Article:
The clouds finally parted Thursday, and sunny resort towns were packed with tourists.
Some store managers reported business was down from last July 4. Others said they were relieved not to face another storm such as the one that hit the weekend before Independence Day last year. That storm, also referred to as the derecho, knocked out power and cut into profits for the week.
"It's steady, but compared to last year we're not that busy," said Brian Erman, manager of the young adult clothing store PacSun at Tanger Outlets, The Walk in Atlantic City. He blamed the aftereffects of October's Hurricane Sandy and said business has plummeted since the hurricane.
But Faith Rosenkrantz, who has owned Margate's upscale clothing store Talk of the Towne for more than 30 years, said she wouldn't expect visitors to shop on the first great beach day in weeks.
"The people are all here. I see big crowds outside," she said. "They are enthusiastic to see the sun shine after a long, rainy spring."
And that means they are on the beach and at barbecues, she said. She is hopeful they will do more shopping over the rest of the weekend.
"If it was me, I'd be on the beach," said Rosenkrantz, who is a great believer in the weather determining the fate of her business. She has kept detailed weather and business records for the past 30 years, she said.
Margate Dairy Bar owner Chris Clayton, of Egg Harbor Township, said he is happy with the huge crowds and uptick in business this July 4.
"I was a little worried and shellshocked, coming out of the spring," he said of the seemingly constant rain. Last year's derecho, which hit the weekend before July 4 and took out his electricity for about a week, left him apprehensive about the weather this year, he said.
"We were the only ice cream shop on the island that didn't open before the Fourth last year," Clayton said. "This year we're thrilled (with the holiday). Everyone seems to be here."
At Tanger Outlets, The Walk, Rutgers University freshman wrestling team members bought items at PacSun and Polo. Anthony Ashnault, of South Plainfield, Middlesex County, said his parents gave him and his teammates a comped hotel room at Trump Plaza Hotel and Casino.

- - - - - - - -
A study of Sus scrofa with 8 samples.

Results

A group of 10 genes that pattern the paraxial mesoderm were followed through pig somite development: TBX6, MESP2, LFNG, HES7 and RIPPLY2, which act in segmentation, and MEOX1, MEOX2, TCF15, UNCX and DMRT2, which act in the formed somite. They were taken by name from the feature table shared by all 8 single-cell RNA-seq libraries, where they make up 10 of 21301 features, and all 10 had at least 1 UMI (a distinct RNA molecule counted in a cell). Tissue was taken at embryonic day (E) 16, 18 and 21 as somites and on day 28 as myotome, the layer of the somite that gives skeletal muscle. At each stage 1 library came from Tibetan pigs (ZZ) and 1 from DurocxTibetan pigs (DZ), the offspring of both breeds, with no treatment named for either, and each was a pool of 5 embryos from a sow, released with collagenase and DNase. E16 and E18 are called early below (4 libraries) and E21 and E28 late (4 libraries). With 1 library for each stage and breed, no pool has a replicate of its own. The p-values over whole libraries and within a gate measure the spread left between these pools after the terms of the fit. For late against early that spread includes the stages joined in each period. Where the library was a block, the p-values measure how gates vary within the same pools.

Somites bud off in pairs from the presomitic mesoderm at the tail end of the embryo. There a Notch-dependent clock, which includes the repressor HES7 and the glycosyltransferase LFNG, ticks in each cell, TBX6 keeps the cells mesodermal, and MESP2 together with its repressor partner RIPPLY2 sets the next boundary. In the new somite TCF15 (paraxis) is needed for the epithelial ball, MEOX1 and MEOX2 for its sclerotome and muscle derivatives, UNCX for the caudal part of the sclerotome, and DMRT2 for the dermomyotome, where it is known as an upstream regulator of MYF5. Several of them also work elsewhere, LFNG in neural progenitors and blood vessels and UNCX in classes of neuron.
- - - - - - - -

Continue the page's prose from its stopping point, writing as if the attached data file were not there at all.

He and teammate Corey Stasenko, also of South Plainfield, had been to Atlantic City before for state wrestling championships. But it was a first visit for teammates Garret Conner, of Centerville, Ohio; and Tyson Dippery, of Harrisburg, Pa. They were having a great time visiting the Comedy Stop and restaurants such as Carmine's in The Quarter at Tropicana, Ashnault said.
Charles Walker and Anne Marie Williams, both of New York City and carrying lots of purchases, visited Atlantic City for a quick getaway, Williams said.
"There's the beach, fireworks and great shopping," she said. "The things you usually have to take a plane to."
On the Wildwood Boardwalk on Thursday, Udi Hayat, who manages the Spirit USA T-shirt shop, said so far this year, rain had dampened business by about 30 percent for shopkeepers along the wooden walkway.
People were running off the Boardwalk as soon it rained, he said. They also were not making the trek up from the beaches, parts of which were covered in rainwater.
"It's all about the weather," Hayat said.
Hayat said he is taking solace in forecasts that predict hot, dry weather for at least the next week. He said he is hoping that continues for the rest of the summer.
"If the weather is good for the next two months, we'll be fine," he said.
His words were echoed by Elizabeth Aversa, owner of Aversa's Bakery in Margate.
"In June, the weather was crazy," she said. "Hopefully from now on will be awesome. If every week is like this, I'm good."
At Harry's Corner on the Wildwood Boardwalk on Thursday, owner Harry Tsakiris was busy making cheesesteaks for the customers sitting on stools at his open-air restaurant.
"It is always one of the busiest days of the year," Tsakiris said of the holiday.
After weeks of sketchy weather, Thursday's holiday crowds were pushing business back to where it should be, he said. The sunshine and warm weather is a good omen for things to come, he said.
"Finally, it's really summer," Tsakiris said.